Diary of Mary Ann Gibb, 1847

This little booklet, published in 2004, gives the text of a diary kept by Mary Anne Gibb, age 32, from London, during a visit to Scotland between 5 May and 8 July 1847, made primarily to attend a family wedding (her sister’s?).

by Andrew Fraser 
(reprinted from The Inverleith News, Spring 2007)

?Twenty page booklet obtainable from Mrs Jean Mitchell, 1 Home Park, Aberdour, Burntisland, Fife KY3 0XA, £2.50.

This little booklet, published in 2004, gives the text of a diary kept by Mary Anne Gibb, age 32, from London, during a visit to Scotland between 5 May and 8 July 1847, made primarily to attend a family wedding (her sister’s?). With her mother and brother she stayed at 31 Howard Place - ‘pleasantly situated about a mile from the Town’ - with Mrs Andrew of Craigend, presumably a relation. Unfortunately, there is no editorial explanation of the links between the many people logged as coming and going in the diary, and this reader could not disentangle the family tree or the network of friends, or even be certain of the bridegroom’s name. 

However, there are pleasant glimpses of Edinburgh social life in the summer of 1847, with dinner guests and musical evenings, promenades in the Caledonian Society Gardens and the Botanic Gardens across Inverleith Row, and trips to town by noddie (two wheeled hackney carriage). The wedding itself was held in the drawing room in Howard Place, with tables set for 32 guests and five children, and the ceremony conducted by the Rev. William Glover of Greenside Church.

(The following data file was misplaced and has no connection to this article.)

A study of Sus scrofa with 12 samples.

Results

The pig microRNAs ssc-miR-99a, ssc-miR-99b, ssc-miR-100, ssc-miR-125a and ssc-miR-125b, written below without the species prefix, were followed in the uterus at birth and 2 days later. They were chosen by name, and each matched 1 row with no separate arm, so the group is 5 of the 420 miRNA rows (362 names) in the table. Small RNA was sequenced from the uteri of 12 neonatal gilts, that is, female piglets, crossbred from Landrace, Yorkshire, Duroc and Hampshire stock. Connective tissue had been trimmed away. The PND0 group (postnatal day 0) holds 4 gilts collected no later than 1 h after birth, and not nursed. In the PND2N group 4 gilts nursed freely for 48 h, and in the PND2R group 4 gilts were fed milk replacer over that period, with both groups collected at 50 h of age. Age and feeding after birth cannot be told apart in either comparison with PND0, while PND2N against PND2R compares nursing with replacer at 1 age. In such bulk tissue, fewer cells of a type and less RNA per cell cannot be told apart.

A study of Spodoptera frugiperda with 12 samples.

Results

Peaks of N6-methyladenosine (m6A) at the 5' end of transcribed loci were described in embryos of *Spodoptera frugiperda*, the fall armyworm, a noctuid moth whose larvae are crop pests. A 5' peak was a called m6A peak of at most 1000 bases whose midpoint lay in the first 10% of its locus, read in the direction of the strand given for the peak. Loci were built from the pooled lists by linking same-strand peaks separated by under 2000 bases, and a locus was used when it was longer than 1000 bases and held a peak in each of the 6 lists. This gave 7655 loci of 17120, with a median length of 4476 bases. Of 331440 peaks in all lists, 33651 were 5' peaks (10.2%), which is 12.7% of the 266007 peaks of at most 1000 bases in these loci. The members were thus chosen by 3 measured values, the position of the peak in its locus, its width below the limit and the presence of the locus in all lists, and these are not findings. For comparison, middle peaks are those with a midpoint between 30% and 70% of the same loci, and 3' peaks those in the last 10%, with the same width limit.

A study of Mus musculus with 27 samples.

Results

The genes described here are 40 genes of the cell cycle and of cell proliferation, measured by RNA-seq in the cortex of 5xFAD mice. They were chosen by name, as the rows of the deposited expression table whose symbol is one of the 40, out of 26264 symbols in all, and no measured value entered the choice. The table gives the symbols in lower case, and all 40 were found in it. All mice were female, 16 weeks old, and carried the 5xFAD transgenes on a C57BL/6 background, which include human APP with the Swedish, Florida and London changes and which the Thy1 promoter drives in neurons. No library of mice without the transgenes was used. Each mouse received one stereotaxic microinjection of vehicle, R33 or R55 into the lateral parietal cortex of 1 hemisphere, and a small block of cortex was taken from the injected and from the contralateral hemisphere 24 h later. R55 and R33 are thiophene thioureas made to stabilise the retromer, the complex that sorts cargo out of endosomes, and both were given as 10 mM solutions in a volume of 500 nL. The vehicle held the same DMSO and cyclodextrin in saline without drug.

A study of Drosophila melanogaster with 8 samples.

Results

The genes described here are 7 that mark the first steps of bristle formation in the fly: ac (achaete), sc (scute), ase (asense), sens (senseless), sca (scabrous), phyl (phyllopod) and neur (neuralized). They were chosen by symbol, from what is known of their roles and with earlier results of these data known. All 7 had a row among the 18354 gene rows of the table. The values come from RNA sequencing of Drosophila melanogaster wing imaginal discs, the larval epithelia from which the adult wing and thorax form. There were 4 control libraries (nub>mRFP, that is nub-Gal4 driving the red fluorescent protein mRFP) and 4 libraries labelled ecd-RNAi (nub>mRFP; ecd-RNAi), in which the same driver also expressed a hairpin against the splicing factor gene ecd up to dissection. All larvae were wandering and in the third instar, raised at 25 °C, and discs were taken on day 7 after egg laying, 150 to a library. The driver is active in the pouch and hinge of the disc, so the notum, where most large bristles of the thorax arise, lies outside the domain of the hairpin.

Sundays offered a choice of preachers, Church of Scotland or the new Free Church. Dr Thomas Chalmers died suddenly during their stay, on 31 May, and the great sense of loss is described. Mary Anne records the crowds heading for the funeral procession, and the overflowing memorial services at Tanfield Hall the following Sunday. ‘Never in my remembrance did the death even of Royalty ever cause so much real grief as did the sudden departure of this esteemed Minister.’

There were visits to Holyrood and the Castle, and two trips to Roslin (taking in a carpet factory at Lasswade), and an idyllic picnic in the Pentlands with recitations from Allan Ramsay’s Gentle Shepherd. There was a visit to the camera obscura in Short’s Observatory on Calton Hill, with women laying out their linen to bleach on the hillside and refreshments from the pastry cook’s shop at the foot of Nelson’s Column. Some comments remind us of the great changes in Edinburgh at the time, with mentions of Trinity and Granton piers and the lack of planting beside the new railway through Princes Street Gardens.

Perhaps most striking are the descriptions of travelling arrangements and the new possibilities opened up by steamships and railways. The cramped sleeping conditions on the Liverpool to Glasgow steamer on the journey north are graphically described, and the new railway from Glasgow to Edinburgh is much praised. They used coach and carriage to explore the Trossachs from Stirling (‘tedious after the railway’), but enjoyed a splendid day trip round Loch Lomond by the well-established steamship. The party travelled through to the west, visiting friends and relations, and there are mentions of steamer and railway expeditions to Glasgow and the Clyde, Falkirk, back down the Forth to Granton, and even a ferry trip to Burntisland. The diary is not great literature but it gives an agreeable reflection of the rapidly increasing possibilities during a summer visit to Scotland.